Pope Boniface VIII

Study for Italy is liberated from the Austrians by command of God

Andrea Gastaldi (April 18, 1826 – May 3, 1889) was an Italian painter, primarily of historical canvases and portraits.


Pietro Micca lights the gunpowder (1858, Museo del Risorgimento, Turin).


Biography

Gastaldi was born and died in Turin. He studied at the Accademia Albertina under Michele Cusa, Giovan Battista Biscarra, and Carlo Arienti. He then traveled to Florence and Rome during 1850–1851 and 1853–1859; and spent some time in Paris studying in the studio of the history painter Thomas Couture. He met also Paul Delaroche.[1]

In 1860 at the Promotrice of Turin, with the painting of Pietro Micca, he won the institute award funded by the Marchese Di Breme, and was nominated to be professor of painting at the Albertina.

Among his other works depicting historical or literary subjects is The Prisoner of Chillon (1854, Promotrice at Turin). This work is based on a poem by Lord Byron and was made into an acquaforte engraving by Alberto Maso Gilli in 1864 in an Album of the Promotrice.

Other works include: Gerolamo Savonarola in jail (1856); L'Innominato (1860); and Atala (1862). The latter is the half-Christian and half-Seminole maiden at the center of a Romantic style novel by the French author Chateaubriand, and which culminates in her chaste suicide. A number of other painters including Girodet, Luis Monroy, and Rodolfo Amoedo also depicted this subject.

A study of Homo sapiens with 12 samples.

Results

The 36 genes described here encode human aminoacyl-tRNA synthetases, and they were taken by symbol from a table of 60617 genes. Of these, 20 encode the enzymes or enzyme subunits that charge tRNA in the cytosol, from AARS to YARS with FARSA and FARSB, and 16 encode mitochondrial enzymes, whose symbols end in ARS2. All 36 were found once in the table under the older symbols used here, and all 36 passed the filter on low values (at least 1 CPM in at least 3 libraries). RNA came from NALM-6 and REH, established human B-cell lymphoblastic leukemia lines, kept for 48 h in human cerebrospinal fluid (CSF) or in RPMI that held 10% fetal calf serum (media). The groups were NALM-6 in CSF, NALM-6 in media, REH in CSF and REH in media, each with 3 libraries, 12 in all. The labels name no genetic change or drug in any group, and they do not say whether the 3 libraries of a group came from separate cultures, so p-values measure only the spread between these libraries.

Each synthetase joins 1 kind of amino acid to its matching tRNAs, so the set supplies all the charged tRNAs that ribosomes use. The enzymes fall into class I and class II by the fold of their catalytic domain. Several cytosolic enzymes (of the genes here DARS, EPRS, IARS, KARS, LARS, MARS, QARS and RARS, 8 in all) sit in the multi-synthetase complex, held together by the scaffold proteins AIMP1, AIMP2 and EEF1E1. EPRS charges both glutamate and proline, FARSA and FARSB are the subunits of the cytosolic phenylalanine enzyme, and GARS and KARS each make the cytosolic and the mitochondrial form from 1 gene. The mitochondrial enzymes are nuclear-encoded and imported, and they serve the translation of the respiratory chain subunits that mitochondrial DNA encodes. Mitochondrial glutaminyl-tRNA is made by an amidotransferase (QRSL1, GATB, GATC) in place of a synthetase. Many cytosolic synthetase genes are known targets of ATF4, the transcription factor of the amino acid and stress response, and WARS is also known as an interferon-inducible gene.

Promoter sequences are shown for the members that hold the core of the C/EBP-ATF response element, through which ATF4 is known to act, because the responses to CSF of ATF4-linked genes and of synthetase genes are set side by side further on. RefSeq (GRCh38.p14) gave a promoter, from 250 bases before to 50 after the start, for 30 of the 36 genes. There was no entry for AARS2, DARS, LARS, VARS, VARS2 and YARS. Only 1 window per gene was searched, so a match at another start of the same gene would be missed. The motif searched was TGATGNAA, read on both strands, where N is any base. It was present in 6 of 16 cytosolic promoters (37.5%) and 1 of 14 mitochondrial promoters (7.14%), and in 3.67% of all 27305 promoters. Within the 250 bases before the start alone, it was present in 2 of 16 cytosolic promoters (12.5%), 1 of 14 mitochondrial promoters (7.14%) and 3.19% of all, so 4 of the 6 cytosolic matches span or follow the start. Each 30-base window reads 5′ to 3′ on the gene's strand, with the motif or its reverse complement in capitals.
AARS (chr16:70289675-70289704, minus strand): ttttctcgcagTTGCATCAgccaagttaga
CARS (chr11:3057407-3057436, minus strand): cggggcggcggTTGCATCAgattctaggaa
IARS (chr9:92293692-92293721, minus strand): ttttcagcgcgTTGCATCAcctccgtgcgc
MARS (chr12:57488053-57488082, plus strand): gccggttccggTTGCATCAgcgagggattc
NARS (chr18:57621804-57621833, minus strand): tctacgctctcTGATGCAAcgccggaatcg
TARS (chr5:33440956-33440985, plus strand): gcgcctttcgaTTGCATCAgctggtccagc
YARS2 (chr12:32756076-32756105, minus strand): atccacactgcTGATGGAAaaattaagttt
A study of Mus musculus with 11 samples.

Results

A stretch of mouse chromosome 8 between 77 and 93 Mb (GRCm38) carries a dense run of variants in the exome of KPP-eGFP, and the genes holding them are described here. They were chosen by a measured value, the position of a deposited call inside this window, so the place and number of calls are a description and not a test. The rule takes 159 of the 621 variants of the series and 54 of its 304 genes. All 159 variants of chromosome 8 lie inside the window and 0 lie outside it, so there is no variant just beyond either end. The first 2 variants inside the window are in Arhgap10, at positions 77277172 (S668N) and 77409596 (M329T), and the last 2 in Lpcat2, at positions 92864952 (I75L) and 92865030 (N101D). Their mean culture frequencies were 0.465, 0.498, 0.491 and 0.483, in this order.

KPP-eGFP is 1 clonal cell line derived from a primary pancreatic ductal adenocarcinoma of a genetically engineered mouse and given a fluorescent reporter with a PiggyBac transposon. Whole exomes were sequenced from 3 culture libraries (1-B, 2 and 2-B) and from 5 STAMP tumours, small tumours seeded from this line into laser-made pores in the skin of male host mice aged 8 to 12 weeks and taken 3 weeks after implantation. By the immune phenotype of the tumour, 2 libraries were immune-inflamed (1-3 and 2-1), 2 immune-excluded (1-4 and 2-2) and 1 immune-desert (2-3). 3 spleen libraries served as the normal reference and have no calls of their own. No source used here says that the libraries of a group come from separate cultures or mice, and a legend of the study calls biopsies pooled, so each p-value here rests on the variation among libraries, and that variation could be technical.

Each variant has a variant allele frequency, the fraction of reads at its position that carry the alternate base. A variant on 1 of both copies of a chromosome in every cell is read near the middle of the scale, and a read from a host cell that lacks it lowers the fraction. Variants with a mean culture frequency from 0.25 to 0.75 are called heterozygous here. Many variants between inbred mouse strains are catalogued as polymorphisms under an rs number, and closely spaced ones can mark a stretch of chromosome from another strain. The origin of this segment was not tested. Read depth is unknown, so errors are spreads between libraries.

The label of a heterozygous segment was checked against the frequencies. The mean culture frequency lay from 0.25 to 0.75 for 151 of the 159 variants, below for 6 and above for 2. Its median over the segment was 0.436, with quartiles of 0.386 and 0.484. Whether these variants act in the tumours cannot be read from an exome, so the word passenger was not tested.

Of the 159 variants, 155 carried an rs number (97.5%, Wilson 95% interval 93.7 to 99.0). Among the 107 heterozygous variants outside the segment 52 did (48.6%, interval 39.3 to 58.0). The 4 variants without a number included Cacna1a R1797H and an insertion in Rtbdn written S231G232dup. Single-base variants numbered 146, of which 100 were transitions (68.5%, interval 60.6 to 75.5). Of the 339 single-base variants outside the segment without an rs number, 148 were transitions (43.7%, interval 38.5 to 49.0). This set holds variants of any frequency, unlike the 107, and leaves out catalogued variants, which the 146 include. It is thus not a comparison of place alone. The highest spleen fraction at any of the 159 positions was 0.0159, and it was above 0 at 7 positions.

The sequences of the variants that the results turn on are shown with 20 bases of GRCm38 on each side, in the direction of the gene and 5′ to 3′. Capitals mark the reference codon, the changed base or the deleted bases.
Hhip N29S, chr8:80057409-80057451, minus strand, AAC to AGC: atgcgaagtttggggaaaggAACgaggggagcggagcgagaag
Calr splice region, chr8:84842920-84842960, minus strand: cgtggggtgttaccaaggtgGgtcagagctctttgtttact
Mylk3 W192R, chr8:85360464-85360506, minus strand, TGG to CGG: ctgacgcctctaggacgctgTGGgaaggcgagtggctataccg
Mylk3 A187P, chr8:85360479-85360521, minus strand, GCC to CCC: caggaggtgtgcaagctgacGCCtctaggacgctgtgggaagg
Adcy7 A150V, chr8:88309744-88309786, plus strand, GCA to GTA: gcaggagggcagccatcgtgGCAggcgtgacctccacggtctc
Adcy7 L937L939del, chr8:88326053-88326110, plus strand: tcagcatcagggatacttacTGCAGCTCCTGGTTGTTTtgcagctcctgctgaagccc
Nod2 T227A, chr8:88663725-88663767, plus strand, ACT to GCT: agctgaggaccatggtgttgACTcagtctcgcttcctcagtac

Gastaldi made two versions of the painting Sogno di Parisina (including the 1852 version at the Pennsylvania Academy of the Fine Arts in Philadelphia, and a second 1867 version in Turin). The tragic story of Parisina was popularized by writers including Matteo Bandello, Lope de Vega, and in 1816, Lord Byron. In the last version, the Duke of Ferrara ascertains his wife's infidelity, when she mentions her lover's name during sleep. The enraged Duke contracts the murder of the lover, who happens to be his bastard son; he has the assassins do so in front of the Duke's wife.[2] Bartolomeo Giuliano also painted the same subject in 1861 and 1863 (Galleria d’Arte Moderna, Turin).[3]

Gastaldi's wife, Léonie Lescuyer-Gastaldi, was also a painter, who had trained with Rosa Bonheur.[4] Gastaldi's brother Lorenzo was the archbishop of Turin from 1871 to 1883. Among Gastaldi's pupils were Giovan Battista Carpanetto,[5] Giacomo Gandi, and Giacomo Grosso.


References

Treccani Encyclopedia, short biography.
Pittura e scultura in Piemonte 1842-1891: Catalogo cronografico illustrato della Esposizione Retrospettiva 1892., A. Stella, Stamperia Reale della ditta G.B. Paravia e Compagnia. Turin, 1893, page 195-199.
Arte Piemonte short biography.
A. Stella, page 199
Notes for exhibition of Solo Donna by Gianfranco Schialvino in the city of Bra in 2011, page 62.